NOW A MAJOR MOTION PICTURE STARRING TESSA THOMPSON AND RUTH NEGGA
Two women in 1920s New York discover how fluid and dangerous our perceptions of race can be in this electrifying classic of the Harlem Renaissance—with an introduction by Kaitlyn Greenidge, author of We Love You, Charlie Freeman, finalist for the Center for Fiction First Novel Prize
“The genius of this book is that its protagonists . . . are complex and fully realized. . . . The work of a highly talented and thoughtful writer.”—Richard Bernstein, The New York Times
Irene Redfield is living an affluent, enviable life with her husband and children in the thriving African American enclave of Harlem in the 1920s. That is, until she runs into her childhood friend, Clare Kendry. Since they last saw each other, Clare, who is similarly light-skinned, has been “passing” for a white woman, married to a racist man who does not know about his wife’s real identity, which she has chosen to hide from the rest of the world. Irene is both fascinated and repulsed by Clare’s dangerous secret, and in turn, Clare yearns for Irene’s sense of ease and security with her Black identity and community, which Clare gave up in pursuit of a more advantageous life, and which she can never embrace again. As the two women grow close, Clare begins to insert herself and her deception into every part of Irene’s stable existence, and their complex reunion sets off a chain of events that dynamically alters both women forever.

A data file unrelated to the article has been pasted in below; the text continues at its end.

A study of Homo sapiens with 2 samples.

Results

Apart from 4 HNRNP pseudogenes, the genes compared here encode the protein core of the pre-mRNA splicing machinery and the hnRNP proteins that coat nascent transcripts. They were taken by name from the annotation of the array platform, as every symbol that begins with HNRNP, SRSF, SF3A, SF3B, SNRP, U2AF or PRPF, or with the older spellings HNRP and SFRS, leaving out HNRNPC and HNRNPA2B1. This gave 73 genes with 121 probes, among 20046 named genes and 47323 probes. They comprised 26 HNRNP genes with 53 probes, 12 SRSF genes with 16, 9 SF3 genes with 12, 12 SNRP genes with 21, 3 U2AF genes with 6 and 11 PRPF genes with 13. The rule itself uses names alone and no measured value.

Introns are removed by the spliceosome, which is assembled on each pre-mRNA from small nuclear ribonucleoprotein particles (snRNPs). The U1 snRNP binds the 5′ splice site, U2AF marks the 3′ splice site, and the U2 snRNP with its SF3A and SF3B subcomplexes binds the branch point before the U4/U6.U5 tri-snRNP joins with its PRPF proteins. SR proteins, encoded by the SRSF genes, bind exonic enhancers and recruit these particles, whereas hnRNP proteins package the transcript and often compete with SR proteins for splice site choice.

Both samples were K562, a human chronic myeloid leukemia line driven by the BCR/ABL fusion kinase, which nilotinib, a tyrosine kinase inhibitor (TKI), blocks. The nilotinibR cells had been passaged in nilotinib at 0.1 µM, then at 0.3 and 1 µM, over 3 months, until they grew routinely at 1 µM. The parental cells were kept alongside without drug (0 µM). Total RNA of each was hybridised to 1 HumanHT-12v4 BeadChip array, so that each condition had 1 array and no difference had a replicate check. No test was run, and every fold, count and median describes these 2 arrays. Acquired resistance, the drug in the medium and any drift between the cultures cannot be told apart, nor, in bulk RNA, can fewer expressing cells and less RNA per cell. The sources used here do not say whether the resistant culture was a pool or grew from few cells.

In this psychologically gripping and chilling novel, Nella Larsen explores the blurriness of race, sacrifice, alienation, and desire that defined her own experience as a woman of mixed race, issues that still powerfully resonate today. Ultimately, Larsen forces us to consider whether we can ever truly choose who we are.
The Modern Library Torchbearers series features women who wrote on their own terms, with boldness, creativity, and a spirit of resistance.
Nella Larsen (1891–1964) is one of the most well-known names in the Harlem Renaissance canon and a fixture in African American and women’s studies, though much of her personal history remains elusive. She also worked as a nurse and a librarian, and she was the first African American woman to receive a Guggenheim fellowship.